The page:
Parkinson's Disease and Progressive Supranuclear Palsy
- Introduction to progressive supranuclear palsy
- What causes progressive supranuclear palsy?
- What are the early symptoms of progressive supranuclear palsy?
- What are some of the later symptoms of progressive supranuclear palsy?
- Does progressive supranuclear palsy affect a person mentally?
- How is progressive supranuclear palsy treated?
- Is there a cure for progressive supranuclear palsy?
- Find a local Neurologist in your town
Introduction to Progressive Supranuclear Palsy
Progressive supranuclear palsy, or PSP, is a rare neurodegenerative disease that is often misdiagnosed as Parkinson's disease because it carries similar symptoms. Because of its rarity, PSP is mostly unknown by the general public.
What Causes PSP?
PSP develops because of the deterioration of brain cells in a few small, but very important areas at the base of the brain. The most important affected area is the substantia nigra. When this area of the brain is affected by the disease, a lot of the palsy's symptoms become more visible. Research is still being conducted as to why the brain cells degenerate.
What Are the Early Symptoms of PSP?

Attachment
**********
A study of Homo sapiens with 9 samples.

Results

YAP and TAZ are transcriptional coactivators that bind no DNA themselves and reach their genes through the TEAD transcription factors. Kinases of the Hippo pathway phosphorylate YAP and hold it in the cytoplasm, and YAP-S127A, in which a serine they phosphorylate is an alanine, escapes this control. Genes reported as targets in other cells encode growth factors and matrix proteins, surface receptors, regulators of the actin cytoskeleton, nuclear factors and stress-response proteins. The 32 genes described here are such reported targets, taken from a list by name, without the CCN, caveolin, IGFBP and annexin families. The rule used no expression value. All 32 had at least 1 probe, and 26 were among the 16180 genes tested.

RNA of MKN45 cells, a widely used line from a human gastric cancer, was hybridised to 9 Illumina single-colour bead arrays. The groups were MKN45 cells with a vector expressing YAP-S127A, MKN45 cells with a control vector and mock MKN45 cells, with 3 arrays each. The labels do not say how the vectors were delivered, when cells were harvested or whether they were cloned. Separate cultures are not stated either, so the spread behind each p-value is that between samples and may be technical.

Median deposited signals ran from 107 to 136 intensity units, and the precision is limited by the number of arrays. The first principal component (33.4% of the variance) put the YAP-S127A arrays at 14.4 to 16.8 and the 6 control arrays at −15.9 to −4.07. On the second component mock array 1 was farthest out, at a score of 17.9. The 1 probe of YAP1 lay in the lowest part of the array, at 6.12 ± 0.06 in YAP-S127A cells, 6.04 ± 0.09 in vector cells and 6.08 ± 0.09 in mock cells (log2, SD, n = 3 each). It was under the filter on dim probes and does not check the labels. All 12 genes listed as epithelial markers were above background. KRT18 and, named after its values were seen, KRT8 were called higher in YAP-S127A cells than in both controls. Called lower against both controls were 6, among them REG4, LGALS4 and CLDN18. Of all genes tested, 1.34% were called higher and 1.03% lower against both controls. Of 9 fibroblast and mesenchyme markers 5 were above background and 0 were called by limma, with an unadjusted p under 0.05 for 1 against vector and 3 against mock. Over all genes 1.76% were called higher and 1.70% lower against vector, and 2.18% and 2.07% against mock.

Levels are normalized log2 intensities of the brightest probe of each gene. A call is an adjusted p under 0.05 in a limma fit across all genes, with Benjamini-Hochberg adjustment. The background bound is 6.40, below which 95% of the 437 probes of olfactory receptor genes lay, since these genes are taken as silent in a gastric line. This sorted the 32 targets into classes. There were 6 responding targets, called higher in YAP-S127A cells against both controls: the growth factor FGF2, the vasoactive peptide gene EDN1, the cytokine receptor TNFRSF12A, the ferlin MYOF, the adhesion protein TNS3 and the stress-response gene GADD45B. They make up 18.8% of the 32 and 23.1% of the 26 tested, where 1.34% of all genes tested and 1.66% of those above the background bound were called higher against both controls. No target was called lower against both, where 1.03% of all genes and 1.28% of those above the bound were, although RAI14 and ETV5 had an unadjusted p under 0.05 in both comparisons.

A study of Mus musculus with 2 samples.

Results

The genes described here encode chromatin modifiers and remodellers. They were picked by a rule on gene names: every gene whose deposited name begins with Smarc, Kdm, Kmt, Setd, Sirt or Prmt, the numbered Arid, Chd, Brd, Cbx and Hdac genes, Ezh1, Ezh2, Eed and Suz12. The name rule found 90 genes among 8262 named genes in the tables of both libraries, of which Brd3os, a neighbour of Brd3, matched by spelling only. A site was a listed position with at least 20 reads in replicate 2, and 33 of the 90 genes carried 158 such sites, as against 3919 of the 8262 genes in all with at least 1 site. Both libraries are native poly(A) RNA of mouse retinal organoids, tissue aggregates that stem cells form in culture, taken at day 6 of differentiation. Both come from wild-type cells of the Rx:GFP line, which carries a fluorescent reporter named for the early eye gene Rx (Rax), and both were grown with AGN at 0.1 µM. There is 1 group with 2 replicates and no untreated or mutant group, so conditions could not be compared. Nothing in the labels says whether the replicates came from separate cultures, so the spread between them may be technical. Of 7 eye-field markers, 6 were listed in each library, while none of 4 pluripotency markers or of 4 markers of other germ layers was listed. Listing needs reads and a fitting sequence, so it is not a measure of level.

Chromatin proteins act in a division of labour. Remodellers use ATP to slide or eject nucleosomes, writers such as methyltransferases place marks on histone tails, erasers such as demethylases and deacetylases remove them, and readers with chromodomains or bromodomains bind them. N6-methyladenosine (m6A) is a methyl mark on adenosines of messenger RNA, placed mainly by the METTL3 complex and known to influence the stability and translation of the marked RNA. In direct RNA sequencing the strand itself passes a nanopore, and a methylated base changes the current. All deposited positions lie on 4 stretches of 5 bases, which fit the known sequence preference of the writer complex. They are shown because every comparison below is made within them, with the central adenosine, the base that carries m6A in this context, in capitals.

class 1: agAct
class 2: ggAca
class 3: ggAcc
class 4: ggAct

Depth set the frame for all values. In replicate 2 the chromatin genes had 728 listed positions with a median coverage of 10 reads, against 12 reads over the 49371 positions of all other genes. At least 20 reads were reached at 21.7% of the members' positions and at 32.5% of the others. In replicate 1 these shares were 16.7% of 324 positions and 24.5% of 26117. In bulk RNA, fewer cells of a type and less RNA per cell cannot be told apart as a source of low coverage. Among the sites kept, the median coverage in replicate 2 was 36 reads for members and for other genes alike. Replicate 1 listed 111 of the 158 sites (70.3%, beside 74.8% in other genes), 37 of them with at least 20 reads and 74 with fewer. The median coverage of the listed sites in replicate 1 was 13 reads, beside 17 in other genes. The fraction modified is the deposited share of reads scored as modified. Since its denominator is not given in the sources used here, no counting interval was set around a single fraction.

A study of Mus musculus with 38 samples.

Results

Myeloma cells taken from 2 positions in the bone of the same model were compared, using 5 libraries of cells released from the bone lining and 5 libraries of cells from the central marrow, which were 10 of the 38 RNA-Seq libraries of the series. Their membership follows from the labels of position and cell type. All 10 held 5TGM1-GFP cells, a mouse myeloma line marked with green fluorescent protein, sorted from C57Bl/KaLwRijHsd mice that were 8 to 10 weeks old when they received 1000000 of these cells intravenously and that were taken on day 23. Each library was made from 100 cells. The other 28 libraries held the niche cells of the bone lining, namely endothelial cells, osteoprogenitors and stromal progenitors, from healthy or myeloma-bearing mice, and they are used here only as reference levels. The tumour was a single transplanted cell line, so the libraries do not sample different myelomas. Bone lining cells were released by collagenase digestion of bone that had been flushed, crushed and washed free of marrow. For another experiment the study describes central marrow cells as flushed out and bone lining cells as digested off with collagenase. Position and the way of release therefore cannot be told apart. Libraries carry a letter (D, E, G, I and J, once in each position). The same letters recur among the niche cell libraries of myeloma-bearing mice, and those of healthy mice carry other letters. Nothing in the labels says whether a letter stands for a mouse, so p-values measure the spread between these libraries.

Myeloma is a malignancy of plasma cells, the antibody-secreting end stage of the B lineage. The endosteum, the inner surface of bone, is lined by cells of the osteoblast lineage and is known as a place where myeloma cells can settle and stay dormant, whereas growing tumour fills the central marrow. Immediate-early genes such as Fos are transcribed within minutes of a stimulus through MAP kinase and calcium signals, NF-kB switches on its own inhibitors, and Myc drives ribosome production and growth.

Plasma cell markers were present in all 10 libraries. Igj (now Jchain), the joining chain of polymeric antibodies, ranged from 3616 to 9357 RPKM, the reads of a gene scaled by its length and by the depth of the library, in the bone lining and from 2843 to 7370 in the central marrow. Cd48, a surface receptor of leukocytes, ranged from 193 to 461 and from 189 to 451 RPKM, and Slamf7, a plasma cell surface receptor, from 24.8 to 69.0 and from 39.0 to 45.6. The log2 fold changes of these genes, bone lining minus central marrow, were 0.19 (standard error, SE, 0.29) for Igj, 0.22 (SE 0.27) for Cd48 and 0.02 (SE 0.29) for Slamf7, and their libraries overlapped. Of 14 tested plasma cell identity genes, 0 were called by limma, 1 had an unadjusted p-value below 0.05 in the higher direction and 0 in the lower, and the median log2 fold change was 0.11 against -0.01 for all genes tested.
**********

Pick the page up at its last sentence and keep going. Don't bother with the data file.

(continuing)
The beginning stages of PSP include the inability to walk, falling spells, and stiffness. Falls experienced by a PSP patient are often described as having a state of dizziness, prior to actually falling. This dizziness description is sometimes misdiagnosed as an inner ear problem or a hardening of the arteries that are blocking blood flow to the brain.
Other common symptoms of PSP include:
- Change in personality
- Loss of interest in usual socializing with family and friends
What Are Some of the Later Symptoms of PSP?
The word "progressive" was included in the palsy's name because symptoms typically progressively worsen for a patient. After seven to nine years, PSP becomes more difficult to deal with. The disease usually causes physical imbalance and stiffness of the body to grow worse, making walking very difficult or sometimes impossible.
Problems with eyesight also occur in the later stages of PSP. Usually visual problems can become as much of an issue as impaired walking for the patient. Eyesight is most affected by the difficulty to aim the eye properly, making reading very hard. Another eyesight problem that is sometimes encountered is the inability to maintain visual contact with another person during conversation. PSP can also cause "tunnel vision", which sometimes causes problems while a person is trying to drive a car.